Over at Jacques Distler’s blog, someone has posted what strikes me as an eminently sensible system for solving the Trackback problem with the ArXiv. I attempted to post a comment to that effect over there, and got the following message:
Your comment submission failed for the following reasons:
You are not allowed to post comments.
This is almost certainly a bug (maybe a browser conflict), not a deliberate act of malice, but it’s kind of amusing. I’ll reproduce the comment below the fold, and maybe somebody who is allowed to post comments can post it for me…
There are ways to reduce trackback clutter that don’t depend on an arbitrary “active researcher” standard. Below is one idea. It would be more work initially to introduce than the current list of approved blogs, but it seems more adaptable and robust against arbitrariness than the current approach.
This seems like a much better solution to the potential problems presented by TrackBacks than the current “active researcher” thing, which makes the current problem essentially inevitable. Somebody was going to make a stink about it sooner or later, in more or less exactly the manner that Peter Woit did.
Ultimately, though, I think you need to think carefully about what the point of the whole thing is at all. If the goal is merely to allow a small number of “active researchers” to comment on each other’s papers, your purpose might be better served by providing a “URL” field in which the authors of a paper can choose to place links to blogs whose comments they approve of. If the goal is to broaden the conversation, then you probably want something like the blog registration system outlined above.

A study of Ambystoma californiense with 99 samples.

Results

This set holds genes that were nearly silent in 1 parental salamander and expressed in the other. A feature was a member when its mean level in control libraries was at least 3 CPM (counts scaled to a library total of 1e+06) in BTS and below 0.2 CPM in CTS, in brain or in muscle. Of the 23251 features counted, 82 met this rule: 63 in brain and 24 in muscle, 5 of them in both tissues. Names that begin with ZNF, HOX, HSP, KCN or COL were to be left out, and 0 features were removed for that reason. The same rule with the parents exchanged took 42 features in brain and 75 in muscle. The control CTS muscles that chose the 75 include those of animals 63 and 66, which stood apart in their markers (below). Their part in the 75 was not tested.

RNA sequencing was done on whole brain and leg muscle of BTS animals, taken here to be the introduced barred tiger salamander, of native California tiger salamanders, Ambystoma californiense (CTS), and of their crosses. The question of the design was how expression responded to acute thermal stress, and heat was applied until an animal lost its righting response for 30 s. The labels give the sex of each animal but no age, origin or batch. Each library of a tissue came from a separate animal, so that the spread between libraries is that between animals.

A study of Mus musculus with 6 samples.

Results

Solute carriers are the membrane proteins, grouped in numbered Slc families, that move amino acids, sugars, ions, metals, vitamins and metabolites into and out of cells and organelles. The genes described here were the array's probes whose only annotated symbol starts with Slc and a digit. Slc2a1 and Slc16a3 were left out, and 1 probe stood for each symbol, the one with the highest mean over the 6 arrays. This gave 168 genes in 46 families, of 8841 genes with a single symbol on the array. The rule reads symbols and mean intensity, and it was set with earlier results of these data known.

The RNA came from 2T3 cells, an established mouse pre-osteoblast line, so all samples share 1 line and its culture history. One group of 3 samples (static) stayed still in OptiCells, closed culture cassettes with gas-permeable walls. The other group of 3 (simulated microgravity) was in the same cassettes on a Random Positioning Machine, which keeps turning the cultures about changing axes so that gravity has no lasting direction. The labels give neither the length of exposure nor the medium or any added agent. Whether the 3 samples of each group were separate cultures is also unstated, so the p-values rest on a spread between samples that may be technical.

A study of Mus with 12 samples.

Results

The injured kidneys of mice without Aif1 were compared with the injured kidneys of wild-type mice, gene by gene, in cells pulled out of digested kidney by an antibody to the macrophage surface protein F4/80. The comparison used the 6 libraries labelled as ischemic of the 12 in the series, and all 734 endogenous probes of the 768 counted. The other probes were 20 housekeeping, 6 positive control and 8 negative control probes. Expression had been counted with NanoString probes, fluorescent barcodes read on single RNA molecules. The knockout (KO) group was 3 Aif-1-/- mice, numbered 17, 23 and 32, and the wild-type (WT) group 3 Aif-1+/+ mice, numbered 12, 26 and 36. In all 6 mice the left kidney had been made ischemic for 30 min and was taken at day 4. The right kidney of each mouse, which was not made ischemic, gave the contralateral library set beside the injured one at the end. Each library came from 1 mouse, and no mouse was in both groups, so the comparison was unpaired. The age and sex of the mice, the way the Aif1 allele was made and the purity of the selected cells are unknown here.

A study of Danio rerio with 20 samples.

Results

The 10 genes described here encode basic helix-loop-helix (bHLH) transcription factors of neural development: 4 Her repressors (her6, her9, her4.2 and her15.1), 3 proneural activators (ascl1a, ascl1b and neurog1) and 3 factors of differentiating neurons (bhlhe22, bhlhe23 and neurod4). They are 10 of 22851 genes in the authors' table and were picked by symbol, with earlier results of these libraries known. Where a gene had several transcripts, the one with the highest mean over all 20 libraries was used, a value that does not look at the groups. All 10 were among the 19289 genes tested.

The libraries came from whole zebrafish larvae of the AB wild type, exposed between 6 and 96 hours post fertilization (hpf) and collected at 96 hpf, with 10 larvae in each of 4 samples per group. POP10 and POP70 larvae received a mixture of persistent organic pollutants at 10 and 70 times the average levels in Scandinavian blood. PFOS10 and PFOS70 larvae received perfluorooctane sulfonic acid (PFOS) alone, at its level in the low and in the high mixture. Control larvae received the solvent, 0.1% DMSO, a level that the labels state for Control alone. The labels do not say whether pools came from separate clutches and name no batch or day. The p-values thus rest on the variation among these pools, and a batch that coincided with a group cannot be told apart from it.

Whatever decision you make (I’m not a big ArXiv user, so I really don’t care that much), the policy should have the absolute minimum possible number of components, and the criteria for Trackback approval should be very clearly and publically stated– preferably in a prominent link from the front page, and in the trackback area itself. And the criteria should be spelled out in very concrete detail– if you insist on some sort of “active researcher” designation, there needs to be a clear and unambiguous statement of how that status is conferred, preferably with a specific number of publications needed to qualify, or something like that.
What you’ve got now is a disaster. You’d be better off shutting Trackbacks down completely than continuing with the current policy.